India strike over new Telangana state

Osmania University students celebrate after the announcement of the separate Indian state of Telangana in Hyderabad on July 30, 2013Violent protests have taken place in Andhra Pradesh over the Telangana issue

Normal life has been disrupted in India's southern Andhra Pradesh state following protests against the announcement of a new Telangana state.
Parts of the coastal and southern regions are shut. Schools are closed and transport is thin.
With a population of 35 million, Telangana comprises 10 of Andhra Pradesh's 23 districts including Hyderabad, India's sixth biggest city.
The state has seen protests for and against the proposal in recent years.
Backers of the new state say the area has been neglected by the government.
Opponents of the move are unhappy that Hyderabad, home to many major information technology and pharmaceutical companies, will become a shared capital for 10 years.
Passengers stranded
Wednesday's strike comes a day after India's ruling Congress-led coalition unanimously agreed to the formation of the new state.
It has been called by the United Andhra Joint Action Committee which has opposed the division of the state. Some local Congress party members have also opposed the split.
A total of 13 districts in the coastal and Rayalaseema regions have been affected by the strike, says the BBC's Omer Farooq in Hyderabad.
Businesses, schools and cinema theatres are closed and public transport system has been disrupted, leading to many passengers being stranded.
Protesters have blocked trains in Nellore and roads and highways in other districts. They have staged demonstrations outside the houses of ruling Congress party ministers and politicians.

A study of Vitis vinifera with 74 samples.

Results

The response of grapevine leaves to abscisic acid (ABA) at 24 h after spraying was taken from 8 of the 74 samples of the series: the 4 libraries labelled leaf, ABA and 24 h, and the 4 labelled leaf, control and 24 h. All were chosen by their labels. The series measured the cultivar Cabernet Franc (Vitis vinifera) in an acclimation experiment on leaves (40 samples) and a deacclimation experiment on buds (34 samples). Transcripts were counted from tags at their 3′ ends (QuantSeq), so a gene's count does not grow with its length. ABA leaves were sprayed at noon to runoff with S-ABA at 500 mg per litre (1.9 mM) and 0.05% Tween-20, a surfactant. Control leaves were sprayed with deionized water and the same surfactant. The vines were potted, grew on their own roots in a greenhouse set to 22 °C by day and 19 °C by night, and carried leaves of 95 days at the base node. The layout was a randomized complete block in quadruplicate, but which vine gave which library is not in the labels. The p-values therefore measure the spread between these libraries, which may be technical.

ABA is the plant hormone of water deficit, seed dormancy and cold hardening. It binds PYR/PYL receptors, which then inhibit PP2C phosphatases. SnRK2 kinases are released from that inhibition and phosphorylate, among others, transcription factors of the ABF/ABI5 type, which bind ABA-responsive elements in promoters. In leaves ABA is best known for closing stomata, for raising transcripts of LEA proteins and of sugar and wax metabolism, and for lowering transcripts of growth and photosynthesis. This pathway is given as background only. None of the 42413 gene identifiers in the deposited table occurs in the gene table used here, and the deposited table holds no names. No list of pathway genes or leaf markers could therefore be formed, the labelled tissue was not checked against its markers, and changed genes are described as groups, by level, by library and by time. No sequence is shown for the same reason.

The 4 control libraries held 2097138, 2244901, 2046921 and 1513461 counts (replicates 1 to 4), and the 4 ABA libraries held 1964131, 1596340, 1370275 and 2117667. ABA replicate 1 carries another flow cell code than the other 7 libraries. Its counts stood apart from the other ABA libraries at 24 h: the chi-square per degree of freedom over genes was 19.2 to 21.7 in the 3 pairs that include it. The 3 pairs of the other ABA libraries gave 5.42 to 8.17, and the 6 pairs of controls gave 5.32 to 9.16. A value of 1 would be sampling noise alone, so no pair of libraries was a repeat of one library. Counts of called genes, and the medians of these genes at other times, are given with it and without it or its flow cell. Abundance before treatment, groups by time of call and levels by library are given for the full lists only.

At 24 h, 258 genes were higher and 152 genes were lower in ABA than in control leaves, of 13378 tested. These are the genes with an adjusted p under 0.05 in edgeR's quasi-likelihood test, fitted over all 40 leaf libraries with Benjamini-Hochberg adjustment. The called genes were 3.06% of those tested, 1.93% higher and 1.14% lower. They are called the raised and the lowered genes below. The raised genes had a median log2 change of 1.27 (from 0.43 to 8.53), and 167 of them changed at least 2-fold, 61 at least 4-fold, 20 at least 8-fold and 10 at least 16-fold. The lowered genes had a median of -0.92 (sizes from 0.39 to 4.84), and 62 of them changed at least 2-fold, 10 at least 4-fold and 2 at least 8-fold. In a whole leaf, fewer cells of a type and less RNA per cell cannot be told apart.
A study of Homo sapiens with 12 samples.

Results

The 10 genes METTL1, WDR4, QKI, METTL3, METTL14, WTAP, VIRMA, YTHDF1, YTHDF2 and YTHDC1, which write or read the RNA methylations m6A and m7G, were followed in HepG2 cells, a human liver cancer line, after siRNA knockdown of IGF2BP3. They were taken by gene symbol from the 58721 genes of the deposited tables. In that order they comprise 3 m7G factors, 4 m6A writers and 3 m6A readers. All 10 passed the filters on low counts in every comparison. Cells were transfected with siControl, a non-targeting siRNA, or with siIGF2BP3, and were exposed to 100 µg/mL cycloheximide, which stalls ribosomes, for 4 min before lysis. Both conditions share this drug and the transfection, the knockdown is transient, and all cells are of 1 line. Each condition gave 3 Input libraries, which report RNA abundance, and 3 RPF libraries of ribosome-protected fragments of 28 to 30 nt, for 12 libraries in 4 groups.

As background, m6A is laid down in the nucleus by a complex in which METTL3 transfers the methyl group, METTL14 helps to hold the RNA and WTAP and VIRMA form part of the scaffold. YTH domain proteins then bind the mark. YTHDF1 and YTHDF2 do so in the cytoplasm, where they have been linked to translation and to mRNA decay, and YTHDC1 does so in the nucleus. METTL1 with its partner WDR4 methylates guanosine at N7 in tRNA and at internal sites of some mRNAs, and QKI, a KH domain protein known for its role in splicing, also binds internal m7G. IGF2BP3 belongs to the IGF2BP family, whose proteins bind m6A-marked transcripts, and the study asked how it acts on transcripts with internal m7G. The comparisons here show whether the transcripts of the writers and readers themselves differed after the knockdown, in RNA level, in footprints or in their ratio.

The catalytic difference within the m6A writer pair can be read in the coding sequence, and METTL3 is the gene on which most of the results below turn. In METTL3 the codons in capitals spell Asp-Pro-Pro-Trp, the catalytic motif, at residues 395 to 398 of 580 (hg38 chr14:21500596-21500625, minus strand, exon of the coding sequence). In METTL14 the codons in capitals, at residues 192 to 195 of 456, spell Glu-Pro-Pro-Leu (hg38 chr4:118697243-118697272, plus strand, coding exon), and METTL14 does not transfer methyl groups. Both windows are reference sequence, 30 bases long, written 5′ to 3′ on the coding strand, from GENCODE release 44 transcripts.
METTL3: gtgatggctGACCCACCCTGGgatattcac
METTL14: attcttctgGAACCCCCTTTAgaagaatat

Four lawmakers, including three from the Congress party, belonging to the state assembly have resigned in protest against the move, our correspondent says.
Hundreds of paramilitary troops have been deployed to prevent any violent protests after Tuesday's announcement.
The final decision on a new state lies with the Indian parliament. The state assembly must also pass a resolution approving the creation of what will be India's 29th state.
Correspondents say the timing of the announcement is linked to general elections due early next year. Recent opinion polls have shown that the Congress party is struggling in the state, which has 42 parliamentary seats.
Deep divisions have emerged over the Telangana issue in the past four years.
In December 2009, India's Congress party-led government promised that the new state would be formed, but later said more talks were needed.
The Telangana campaign grew in strength that year when veteran politician K Chandrasekhara Rao went on a hunger strike for 11 days in an effort to press the government to agree to its creation.
Demand for Gorkhaland
Meanwhile, the main Gorkha ethnic group in India's West Bengal state has stepped up its demand for a separate state for Nepali-speaking Gorkhas in the tea-producing Darjeeling hills, reports Subir Bhaumik from Calcutta.
A Gorkha youth has set himself on fire to protest against Delhi's alleged "dual policy" - one of overlooking Gorkha aspirations for a separate state while going ahead with the creation of Telangana.
"His condition is serious," said Roshan Giri, leader of the Gorkha Janamukti Morcha (GJM), which is leading the movement for the separate state.
"Now that Delhi is creating Telangana, it should consider our long-term aspirations for a separate Gorkhaland. Our region is totally different from West Bengal which is a Bengali dominated state," he said.